NSE Co-location Scam: NSE, SEBI officials accepted bribes; leaked info used in software to give certain brokers unfair advantage, CBI tells special court

    NSE Co-location Scam: NSE, SEBI officials accepted bribes; leaked info used in software to give certain brokers unfair advantage, CBI tells special court

    The Central Bureau of Investigation on Saturday alleged that officials of the Securities and Exchange Board of India (SEBI) were bribed to fabricate the findings of an enquiry that was initiated following complaints of irregularities in the National Stock Exchange of India's co-location facility.
    The investigating agency claimed that SEBI and NSE officials had received bribes from Sanjay Gupta, Director of OPG Securities, and one of the main accused in the case.
    CBI's counsel made these submissions on Saturday before a special CBI court during a hearing on an anticipatory bail plea filed by former NSE MD and CEO Chitra Ramkrishna, The court dismissed the bail plea. The CBI informed the court that Ajay Narottam Shah--one of the accused--was instrumental in exploiting the co-location facility. "In the name of carrying out research, Shah collected NSE trade data and passed it on to private people. These private people individuals developed an algorithm-based software ,'Chanakya', which was then sold to selective brokers like OPG securities, who used it to abuse the co-location facility."
    The CBI's counsel, quoting the findings of an audit report by consultancy firm Deloitte, said, "The TCP/IP-based TBT architecture was prone to manipulation, which compromised the fairness and integrity of the market."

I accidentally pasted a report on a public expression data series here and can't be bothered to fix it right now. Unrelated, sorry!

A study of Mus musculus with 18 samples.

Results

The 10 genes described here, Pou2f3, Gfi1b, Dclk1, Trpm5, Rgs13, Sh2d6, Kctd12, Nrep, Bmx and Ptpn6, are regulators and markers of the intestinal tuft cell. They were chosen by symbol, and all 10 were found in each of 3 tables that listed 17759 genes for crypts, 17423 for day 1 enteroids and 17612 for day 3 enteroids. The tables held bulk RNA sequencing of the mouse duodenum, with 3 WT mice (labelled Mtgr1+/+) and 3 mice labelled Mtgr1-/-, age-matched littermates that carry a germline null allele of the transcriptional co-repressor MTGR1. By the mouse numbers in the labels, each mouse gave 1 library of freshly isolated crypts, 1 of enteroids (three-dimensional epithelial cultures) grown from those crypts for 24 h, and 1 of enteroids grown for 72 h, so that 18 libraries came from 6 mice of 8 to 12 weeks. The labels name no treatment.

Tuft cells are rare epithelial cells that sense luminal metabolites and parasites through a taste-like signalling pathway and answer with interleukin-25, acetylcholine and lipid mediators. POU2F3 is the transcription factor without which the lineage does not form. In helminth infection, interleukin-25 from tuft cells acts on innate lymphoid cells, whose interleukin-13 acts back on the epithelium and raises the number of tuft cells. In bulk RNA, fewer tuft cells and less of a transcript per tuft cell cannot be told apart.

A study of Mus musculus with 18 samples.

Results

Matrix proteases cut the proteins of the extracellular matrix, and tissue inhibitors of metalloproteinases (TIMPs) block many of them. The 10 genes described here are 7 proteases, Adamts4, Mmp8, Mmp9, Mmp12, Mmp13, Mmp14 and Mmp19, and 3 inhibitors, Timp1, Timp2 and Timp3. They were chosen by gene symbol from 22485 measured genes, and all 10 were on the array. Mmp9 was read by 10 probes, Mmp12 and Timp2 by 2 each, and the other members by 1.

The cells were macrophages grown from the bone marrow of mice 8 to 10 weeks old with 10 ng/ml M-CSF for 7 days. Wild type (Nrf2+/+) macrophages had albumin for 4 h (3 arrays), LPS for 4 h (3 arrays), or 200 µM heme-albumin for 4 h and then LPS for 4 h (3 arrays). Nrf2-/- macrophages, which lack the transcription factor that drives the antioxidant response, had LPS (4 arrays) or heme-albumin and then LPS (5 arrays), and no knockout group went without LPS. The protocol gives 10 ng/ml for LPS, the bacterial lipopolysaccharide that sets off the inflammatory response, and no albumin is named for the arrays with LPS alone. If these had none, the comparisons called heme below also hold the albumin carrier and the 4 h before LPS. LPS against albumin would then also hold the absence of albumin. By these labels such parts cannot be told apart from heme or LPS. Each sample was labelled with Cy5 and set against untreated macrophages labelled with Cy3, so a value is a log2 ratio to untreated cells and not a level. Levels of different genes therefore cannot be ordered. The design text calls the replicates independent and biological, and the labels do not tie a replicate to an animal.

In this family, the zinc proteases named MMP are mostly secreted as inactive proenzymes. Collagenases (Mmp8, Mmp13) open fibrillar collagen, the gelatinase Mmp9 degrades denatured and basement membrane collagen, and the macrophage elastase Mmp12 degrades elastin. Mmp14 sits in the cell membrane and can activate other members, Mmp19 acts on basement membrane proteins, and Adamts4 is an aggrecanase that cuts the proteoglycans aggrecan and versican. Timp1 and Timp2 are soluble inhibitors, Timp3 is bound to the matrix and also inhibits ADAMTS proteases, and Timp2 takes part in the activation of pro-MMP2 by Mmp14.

"purposefully did not have defined policies and procedures with regard to Secondary Server access, which gave unfair advantage to select brokers at the cost of others". The counsel said the NSE failed to maintain backups or records of the configuration file (which captured parameters like IP address, port number and vendor file, and sequence in which ports would receive TBT data), or requests for change of the configuration file by members.
    The counsel further said the NSE under Ramkrishna gave trading data to Ionfotech Financial Services Pvt Ltd, which was "misused for developing an algorithm for trading products for securities market participants. This was sold to various trading members, thereby giving them an advantage."
    On Gupta's role, the CBI counsel said, "The accused gained undue advantage by consistently being the first member (or among the first three members) to connect to the TBT servers and by regularly connecting to the Secondary Server. NSE, headed by Ramkrishna, took no action to prevent this despite having knowledge of this (and its advantages). OPG Securities had allegedly mapped multiple IPs to a single server such that it would often get the first 2 or 3 connections to that server, and 'crowd out' other members."
    CBI counsel informed the court that Ramkrishna shared internal information of the NSE, like its Organizational Structure, Dividend Scenario, Financial Results, Human Resources Policy and related Issues, Response to Regulator, Future projects, etc with the 'yogi', whose identity was later established as Anand Subramanian.